Q&A with Board of Trustees Chairman Keith Masser: On Tuition, Alumni and Serving his Alma Mater
Penn State alumnus and President of Sterman Masser Inc., Keith Masser was sworn in as the new chairman of the Penn State Board of Trustees on Jan. 18 after serving as vice chairman.
In his acceptance speech, Masser said his mission is to make Penn State tuition more affordable for students, both current and prospective.
He spoke with StateCollege.com about his new role as chairman, his top priorities for the board and what's to come in the new year.
Q: What do you consider to be your No. 1 priority for the board as chairman?
Masser: As I said in my acceptance speech, my number one priority is to ensure Penn State education remains affordable and accessible. I realize hardships it places on families and students.
We basically have two sources of funding: state support and tuition. There's a third, with the endowment and scholarships. Our endowment is extremely important in maintaining a balance.
Just last week, the governor said he's proposing to keep our state support level, so it is coming, which should allow Penn State to keep our tuition increase at record lows.
Q: You're an alum and father to Penn State graduates, so, is this something important to you on a personal level?
Masser: It is. I was a first generation college student and Penn State was an institution that was accessible to me and I want to make sure students of the Commonwealth have the same benefit.
Q: How can you repair the relationship between the board and Penn State's alumni base?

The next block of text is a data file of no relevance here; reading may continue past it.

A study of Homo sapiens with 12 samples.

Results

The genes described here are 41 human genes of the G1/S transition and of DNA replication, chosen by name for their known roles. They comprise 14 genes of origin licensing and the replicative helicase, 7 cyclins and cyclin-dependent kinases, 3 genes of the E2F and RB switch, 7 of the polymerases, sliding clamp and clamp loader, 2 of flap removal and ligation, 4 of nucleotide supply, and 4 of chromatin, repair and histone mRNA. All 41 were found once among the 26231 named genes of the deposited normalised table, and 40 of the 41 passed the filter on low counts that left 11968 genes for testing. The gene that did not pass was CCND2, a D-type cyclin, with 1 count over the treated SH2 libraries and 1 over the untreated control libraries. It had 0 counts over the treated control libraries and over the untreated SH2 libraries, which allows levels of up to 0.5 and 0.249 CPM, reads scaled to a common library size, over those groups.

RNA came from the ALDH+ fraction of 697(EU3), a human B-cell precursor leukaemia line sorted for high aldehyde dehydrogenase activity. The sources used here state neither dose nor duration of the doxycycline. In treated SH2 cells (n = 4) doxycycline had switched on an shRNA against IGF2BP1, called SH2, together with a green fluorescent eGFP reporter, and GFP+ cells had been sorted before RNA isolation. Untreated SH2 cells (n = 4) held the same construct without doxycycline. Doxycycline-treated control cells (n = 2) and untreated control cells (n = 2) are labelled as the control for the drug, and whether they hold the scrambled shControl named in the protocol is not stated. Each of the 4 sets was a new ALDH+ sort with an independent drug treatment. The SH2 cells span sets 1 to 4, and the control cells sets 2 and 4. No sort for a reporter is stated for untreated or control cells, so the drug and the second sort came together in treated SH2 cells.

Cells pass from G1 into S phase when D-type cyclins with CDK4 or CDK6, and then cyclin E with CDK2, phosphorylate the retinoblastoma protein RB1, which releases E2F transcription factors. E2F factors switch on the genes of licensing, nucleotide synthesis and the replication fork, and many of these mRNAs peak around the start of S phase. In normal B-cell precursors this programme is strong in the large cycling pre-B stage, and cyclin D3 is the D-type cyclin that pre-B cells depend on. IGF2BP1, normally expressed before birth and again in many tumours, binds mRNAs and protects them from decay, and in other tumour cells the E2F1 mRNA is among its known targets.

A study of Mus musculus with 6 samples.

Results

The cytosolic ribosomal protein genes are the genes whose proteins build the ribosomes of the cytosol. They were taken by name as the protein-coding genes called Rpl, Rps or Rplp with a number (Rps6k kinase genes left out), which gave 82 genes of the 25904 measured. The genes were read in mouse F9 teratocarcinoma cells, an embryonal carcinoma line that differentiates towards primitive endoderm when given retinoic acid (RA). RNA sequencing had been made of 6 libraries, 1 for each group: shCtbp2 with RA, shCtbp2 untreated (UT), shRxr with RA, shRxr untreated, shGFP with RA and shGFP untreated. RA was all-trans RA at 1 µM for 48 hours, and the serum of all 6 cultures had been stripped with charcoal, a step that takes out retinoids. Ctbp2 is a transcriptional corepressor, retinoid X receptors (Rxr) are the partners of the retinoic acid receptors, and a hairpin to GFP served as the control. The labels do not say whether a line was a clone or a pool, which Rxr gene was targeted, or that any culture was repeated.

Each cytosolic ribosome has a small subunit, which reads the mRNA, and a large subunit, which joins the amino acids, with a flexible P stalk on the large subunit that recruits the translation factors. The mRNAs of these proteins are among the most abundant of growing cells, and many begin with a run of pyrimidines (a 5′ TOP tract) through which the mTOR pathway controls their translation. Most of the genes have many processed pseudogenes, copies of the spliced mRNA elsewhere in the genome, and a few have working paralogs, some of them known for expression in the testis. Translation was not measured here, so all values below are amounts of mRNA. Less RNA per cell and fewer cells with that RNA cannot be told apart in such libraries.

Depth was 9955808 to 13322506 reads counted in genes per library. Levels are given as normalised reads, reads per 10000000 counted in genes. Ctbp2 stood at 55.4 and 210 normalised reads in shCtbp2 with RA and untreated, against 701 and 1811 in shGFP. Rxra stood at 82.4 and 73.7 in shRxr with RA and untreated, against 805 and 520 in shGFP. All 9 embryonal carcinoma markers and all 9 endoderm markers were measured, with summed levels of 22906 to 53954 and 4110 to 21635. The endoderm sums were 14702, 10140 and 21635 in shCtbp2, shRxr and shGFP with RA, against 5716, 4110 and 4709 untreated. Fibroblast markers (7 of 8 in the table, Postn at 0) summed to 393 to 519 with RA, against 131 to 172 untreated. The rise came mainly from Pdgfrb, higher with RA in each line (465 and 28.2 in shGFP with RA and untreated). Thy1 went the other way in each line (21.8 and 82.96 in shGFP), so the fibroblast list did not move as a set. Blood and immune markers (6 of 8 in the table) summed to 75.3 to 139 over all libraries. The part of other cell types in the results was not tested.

Masser: We're socializing with the alumni base. My wife and my two children are alumni, my business is run by Penn State alumni and there are alumni at my church and in all the social settings I'm involved in.
I'm constantly in contact with members of Penn State's alumni base. I listen – there are going to be things that alumni disagree on –[but] everyone that attended Penn State wants whats best for the university. I have to make sure [the relationship] is the strongest as we move forward, and collaboration will be the key to our success. There will be common points of agreement to help unify us.
It was Bill Cosby who said, "I don't know the key to success, but the key to failure is trying to please everybody."
We have a large alumni base and I believe in finding common ground.
Q: What steps can be taken to ensure tuition increases stay minimal?
There's several things. The student voice needs to be heard, we need to lobby Harrisburg for increased support. I think we can be successful. We're getting level funding and if all stateholders work together to help convinve the citizens of Pennsylvania it's important that we keep higher education affordable, that's one step to get society to consider higher education as a priority, that we can maintain and hopefully increase our level of state funding.
We have to look for strategies. In the face of shrinking state support, costs and fees needs to be a priority. We need to adovacte wherever we go and keep a focus on funding.
I believe we can turn the economic state of Pa. around.
Other states that share our borders are investing in higher education and that puts us at a serious disadvantage. We need to keep discussing [options].
There has certainly been good news ... I believe the administration in Harrisburg is trying to do what they can.
What are you looking forward to in the coming year for the board?
We have a great opportunity as a lot of things are happening. We have a presidential search, and we have to hire someone within the next year. We're going to see more work done with our compliance to help ensure commitment, our promise that we're going to make all of our campuses safe.
We're looking at governance changes to our board so that we can provide the proper oversight.
There's a lot happening. I'm excited to be part of the leaderiship and lead that team. I'm honored and fortunate to be part of it.